BACKGROUND: The prognostic roles of clinical and laboratory markers have been exploited to model risk in patients with primary CNS lymphoma, but these approaches do not fully explain the observed variation in outcome. To date, neuroimaging or molecular information is not used. The aim of this study was to determine the utility of radiomic features to capture clinically relevant phenotypes, and to link those to molecular profiles for enhanced risk stratification.
METHODS: In this retrospective study, we investigated 133 patients across 9 sites in Austria (2005-2018) and an external validation site in South Korea (44 patients, 2013-2016). We used T1-weighted contrast-enhanced MRI and an L1-norm regularized Cox proportional hazard model to derive a radiomic risk score. We integrated radiomic features with DNA methylation profiles using machine learning-based prediction, and validated the most relevant biological associations in tissues and cell lines.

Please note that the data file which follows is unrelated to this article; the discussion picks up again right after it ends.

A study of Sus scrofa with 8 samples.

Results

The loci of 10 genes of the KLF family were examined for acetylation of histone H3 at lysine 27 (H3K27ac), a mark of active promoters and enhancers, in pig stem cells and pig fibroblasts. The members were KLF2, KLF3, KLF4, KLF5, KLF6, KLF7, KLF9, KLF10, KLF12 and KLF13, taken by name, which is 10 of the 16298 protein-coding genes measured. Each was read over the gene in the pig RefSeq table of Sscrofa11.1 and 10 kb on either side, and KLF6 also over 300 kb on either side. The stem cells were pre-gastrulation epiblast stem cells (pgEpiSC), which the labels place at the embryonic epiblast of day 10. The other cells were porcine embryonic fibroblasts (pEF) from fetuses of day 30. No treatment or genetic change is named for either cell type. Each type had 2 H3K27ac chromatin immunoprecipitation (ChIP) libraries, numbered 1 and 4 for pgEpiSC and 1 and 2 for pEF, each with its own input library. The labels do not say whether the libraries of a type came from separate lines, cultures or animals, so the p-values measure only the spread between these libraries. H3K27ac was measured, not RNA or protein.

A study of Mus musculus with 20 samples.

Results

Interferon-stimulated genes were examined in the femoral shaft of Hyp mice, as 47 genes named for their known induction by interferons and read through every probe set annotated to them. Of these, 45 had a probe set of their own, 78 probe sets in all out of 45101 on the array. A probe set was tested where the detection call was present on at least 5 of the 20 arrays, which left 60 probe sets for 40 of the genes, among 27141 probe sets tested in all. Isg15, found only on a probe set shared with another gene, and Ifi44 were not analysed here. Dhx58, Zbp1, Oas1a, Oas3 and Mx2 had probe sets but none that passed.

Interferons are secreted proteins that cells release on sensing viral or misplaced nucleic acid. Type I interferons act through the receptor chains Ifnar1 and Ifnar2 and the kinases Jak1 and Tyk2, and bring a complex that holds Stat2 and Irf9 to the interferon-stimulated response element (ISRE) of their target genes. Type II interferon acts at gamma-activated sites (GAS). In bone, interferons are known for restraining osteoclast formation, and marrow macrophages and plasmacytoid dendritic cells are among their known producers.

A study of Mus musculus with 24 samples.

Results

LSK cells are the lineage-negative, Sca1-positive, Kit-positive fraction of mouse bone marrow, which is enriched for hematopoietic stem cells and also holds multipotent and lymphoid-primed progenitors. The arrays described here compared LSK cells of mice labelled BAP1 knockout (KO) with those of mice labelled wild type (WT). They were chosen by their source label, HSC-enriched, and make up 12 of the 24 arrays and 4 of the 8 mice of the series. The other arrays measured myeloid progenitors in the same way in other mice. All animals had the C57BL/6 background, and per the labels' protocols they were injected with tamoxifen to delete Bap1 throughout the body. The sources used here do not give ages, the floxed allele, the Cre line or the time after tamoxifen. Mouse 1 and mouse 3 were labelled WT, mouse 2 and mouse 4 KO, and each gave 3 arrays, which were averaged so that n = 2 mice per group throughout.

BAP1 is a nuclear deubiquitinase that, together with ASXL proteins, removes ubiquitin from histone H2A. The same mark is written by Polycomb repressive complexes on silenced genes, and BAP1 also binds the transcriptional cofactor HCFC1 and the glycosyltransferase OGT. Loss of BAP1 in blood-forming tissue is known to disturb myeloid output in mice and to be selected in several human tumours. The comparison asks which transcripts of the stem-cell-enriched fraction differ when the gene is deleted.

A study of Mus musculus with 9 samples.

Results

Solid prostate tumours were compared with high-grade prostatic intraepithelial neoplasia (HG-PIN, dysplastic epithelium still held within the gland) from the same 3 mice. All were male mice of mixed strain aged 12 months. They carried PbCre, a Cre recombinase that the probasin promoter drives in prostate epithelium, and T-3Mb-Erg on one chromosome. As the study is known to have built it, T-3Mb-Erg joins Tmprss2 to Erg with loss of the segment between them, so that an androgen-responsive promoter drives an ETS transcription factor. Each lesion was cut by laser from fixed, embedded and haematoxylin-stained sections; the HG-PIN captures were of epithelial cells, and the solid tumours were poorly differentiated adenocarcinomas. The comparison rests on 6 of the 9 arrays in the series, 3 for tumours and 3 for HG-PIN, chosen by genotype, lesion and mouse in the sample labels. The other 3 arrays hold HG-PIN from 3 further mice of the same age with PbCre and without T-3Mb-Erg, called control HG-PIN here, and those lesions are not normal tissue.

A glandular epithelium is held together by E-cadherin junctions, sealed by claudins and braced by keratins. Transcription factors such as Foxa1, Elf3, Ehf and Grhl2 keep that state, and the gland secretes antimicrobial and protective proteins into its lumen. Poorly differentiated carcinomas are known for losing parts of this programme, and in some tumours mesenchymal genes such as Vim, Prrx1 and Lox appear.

RESULTS: The radiomic risk score, consisting of 20 mostly textural features, was a strong and independent predictor of survival (multivariate hazard ratio = 6.56 [3.64-11.81]) that remained valid in the external validation cohort. Radiomic features captured gene regulatory differences such as in BCL6 binding activity, which was put forth as testable treatment target for a subset of patients.
CONCLUSIONS: The radiomic risk score was a robust and complementary predictor of survival and reflected characteristics in underlying DNA methylation patterns. Leveraging imaging phenotypes to assess risk and inform epigenetic treatment targets provides a concept on which to advance prognostic modeling and precision therapy for this aggressive cancer.